Yet while she strives to lead a healthy lifestyle, she often finds the industry surrounding health and wellness movements filled with a bit too much of what she calls “hocus pocus.”

Promises of sure-fire nutrition solutions or seemingly magical fitness regimens left her cold, Snyder said. So she decided to carve out her own niche and created the Everyday Health and Wellness Conference, which will take place at the Fairfax Marriott Hotel at Fair Oaks from 9 a.m. to 6 p.m. Saturday.

The event, planned out of her Clifton home, features a full day of panels, 30 health exhibitors and nationally recognized speakers such as Vani Hari, founder of

With the conference, Snyder wants to eliminate the intimidation that can scare people away from wellness movements. Instead, she wants to help people see the small steps they can take toward a healthy lifestyle.

“You don’t live in big overhauls,” Snyder said. “That’s not reality. You have to keep everything in perspective. I want this conference to be for everyday people”

Snyder’s inspiration came in her own journey to healthy living.

One day in 1999, she started experiencing extreme tunnel vision. Doctors struggled to find the cause.

“I went to the eye doctor, and he said: ‘The good news is your eyes are fine. The bad news is it’s something else,’” Snyder said.

While her eyesight returned to normal in three weeks, the scary episode eventually led to a diagnosis of multiple sclerosis, a condition that attacks the nervous system.

Snyder already tried to eat healthy and stay fit, but after the diagnosis, she started committing herself even more to healthy living.

“You don’t realize your health is so important until you don’t have it,” Snyder said. “I have an autoimmune disease, and my body works really hard to stay healthy every day, so I’ve committed to working hard for it.”

She started making changes to her diet, experimenting with adding and subtracting different foods. Soon, she decided to eliminate anything artificial — dyes, preservatives, sweeteners — and start making most of her meals at home.

Snyder’s commitment to nutrition and fitness has helped her manage her multiple sclerosis without medication for the past seven years. While she has tried medication in the past, it would wipe her out for days. So with her doctor, she decided to stop cold turkey. While she still goes in for neurological screenings and yearly scans, for now she counts on her healthy lifestyle to manage her condition.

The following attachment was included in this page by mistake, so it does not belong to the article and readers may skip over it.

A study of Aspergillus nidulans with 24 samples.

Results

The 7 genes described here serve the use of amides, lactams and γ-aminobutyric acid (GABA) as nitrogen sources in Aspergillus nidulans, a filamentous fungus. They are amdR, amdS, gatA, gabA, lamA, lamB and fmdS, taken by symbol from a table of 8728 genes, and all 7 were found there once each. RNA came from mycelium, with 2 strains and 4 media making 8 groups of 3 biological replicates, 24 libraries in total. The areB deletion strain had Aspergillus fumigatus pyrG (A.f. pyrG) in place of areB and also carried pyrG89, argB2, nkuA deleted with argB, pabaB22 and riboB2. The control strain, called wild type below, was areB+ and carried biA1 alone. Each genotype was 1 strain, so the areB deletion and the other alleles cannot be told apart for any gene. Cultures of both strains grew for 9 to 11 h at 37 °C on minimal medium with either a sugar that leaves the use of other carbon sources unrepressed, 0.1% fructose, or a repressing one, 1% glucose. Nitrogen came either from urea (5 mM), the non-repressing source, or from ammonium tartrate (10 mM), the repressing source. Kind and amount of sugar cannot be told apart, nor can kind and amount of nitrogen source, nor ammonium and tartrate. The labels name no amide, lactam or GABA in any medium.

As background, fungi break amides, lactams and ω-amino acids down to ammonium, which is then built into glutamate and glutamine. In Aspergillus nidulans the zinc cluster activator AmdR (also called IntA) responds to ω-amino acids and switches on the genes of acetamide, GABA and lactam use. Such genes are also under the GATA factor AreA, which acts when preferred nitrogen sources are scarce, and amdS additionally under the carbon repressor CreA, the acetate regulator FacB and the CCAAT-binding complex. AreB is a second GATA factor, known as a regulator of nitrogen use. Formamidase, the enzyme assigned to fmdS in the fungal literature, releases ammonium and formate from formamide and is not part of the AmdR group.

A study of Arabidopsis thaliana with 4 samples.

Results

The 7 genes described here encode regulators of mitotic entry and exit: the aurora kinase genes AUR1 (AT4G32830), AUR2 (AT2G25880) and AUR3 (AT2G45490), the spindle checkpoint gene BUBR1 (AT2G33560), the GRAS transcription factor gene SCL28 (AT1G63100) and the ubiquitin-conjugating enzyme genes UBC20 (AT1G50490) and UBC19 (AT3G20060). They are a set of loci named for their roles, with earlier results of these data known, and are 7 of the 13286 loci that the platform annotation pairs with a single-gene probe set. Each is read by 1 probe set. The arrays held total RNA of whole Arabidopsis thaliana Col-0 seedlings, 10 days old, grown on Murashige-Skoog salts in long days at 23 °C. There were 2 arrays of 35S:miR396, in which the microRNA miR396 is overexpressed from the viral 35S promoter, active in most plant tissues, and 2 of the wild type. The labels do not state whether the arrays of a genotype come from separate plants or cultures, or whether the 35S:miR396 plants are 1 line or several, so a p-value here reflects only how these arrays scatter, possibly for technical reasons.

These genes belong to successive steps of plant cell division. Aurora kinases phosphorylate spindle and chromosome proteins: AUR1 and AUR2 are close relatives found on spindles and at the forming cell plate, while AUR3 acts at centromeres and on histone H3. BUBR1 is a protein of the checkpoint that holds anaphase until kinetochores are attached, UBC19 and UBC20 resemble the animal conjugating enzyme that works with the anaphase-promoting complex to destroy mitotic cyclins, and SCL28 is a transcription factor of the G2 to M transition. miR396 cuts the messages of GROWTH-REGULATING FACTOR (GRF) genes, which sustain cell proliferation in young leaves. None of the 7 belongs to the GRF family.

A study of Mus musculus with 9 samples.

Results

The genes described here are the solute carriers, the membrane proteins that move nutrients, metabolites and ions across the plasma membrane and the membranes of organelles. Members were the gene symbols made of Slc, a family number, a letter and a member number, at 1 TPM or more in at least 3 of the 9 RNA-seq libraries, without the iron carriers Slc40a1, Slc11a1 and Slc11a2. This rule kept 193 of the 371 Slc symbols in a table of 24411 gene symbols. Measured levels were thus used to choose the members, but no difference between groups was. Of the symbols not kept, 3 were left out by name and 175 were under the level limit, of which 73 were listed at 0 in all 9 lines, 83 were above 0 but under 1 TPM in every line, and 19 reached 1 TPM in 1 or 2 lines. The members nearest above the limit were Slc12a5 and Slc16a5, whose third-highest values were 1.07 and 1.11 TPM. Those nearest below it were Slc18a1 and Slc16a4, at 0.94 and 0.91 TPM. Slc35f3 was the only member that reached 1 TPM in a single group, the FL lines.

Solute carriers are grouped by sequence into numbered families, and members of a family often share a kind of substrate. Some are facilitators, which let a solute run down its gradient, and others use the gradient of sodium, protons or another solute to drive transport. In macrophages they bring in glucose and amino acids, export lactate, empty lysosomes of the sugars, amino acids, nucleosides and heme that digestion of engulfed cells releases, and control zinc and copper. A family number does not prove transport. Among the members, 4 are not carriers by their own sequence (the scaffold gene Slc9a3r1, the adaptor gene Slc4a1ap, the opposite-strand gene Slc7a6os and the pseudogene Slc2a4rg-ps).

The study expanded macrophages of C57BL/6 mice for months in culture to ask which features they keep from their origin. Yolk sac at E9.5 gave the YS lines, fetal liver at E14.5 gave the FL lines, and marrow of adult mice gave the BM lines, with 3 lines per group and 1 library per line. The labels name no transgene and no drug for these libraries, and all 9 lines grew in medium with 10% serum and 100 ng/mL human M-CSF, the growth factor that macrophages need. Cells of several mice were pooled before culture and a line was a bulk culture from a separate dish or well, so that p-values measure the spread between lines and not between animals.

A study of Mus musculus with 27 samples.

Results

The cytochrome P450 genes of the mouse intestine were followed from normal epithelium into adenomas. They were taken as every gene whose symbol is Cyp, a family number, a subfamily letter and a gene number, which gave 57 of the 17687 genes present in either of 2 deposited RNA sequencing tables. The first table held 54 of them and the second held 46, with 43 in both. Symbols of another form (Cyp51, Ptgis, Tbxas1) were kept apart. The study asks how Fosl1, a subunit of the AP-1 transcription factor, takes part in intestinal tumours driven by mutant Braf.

Snyder does not subscribe to any particular movement, but she samples from many: vegan, vegetarian, gluten-free. Her motto: Everything in moderation.

That same sensibility went into her conference planning. The schedule offers many options and varieties for people to try.

“You can subscribe to some of these things on a smaller scale,” Snyder said. “You don’t have to make it your life’s passion. If you do, that’s awesome, but that doesn’t mean it’s for everyone.”

With the Everyday Health and Wellness Conference, Snyder combines her passion for health with past experience in conference planning. But 20 years removed from her corporate events career, she said diving back in proved a tricky task.

While the idea had been brewing for a while, Snyder finally committed to planning the conference last August. The brunt of the work has fallen solely on her shoulders, though friends, her husband and her two sons all have helped ease the burden.

This week before the conference has been filled with tying up final details and continuing the push for registrations. People can still sign up online or register on-site on Saturday.

If participants take just one or two ideas away from the conference, Snyder will count the event as a success.

“It’s baby steps,” Snyder said. “That’s how I started. Switching to organic milk is a huge step. And if that’s all they do for six months? It’s all progress.”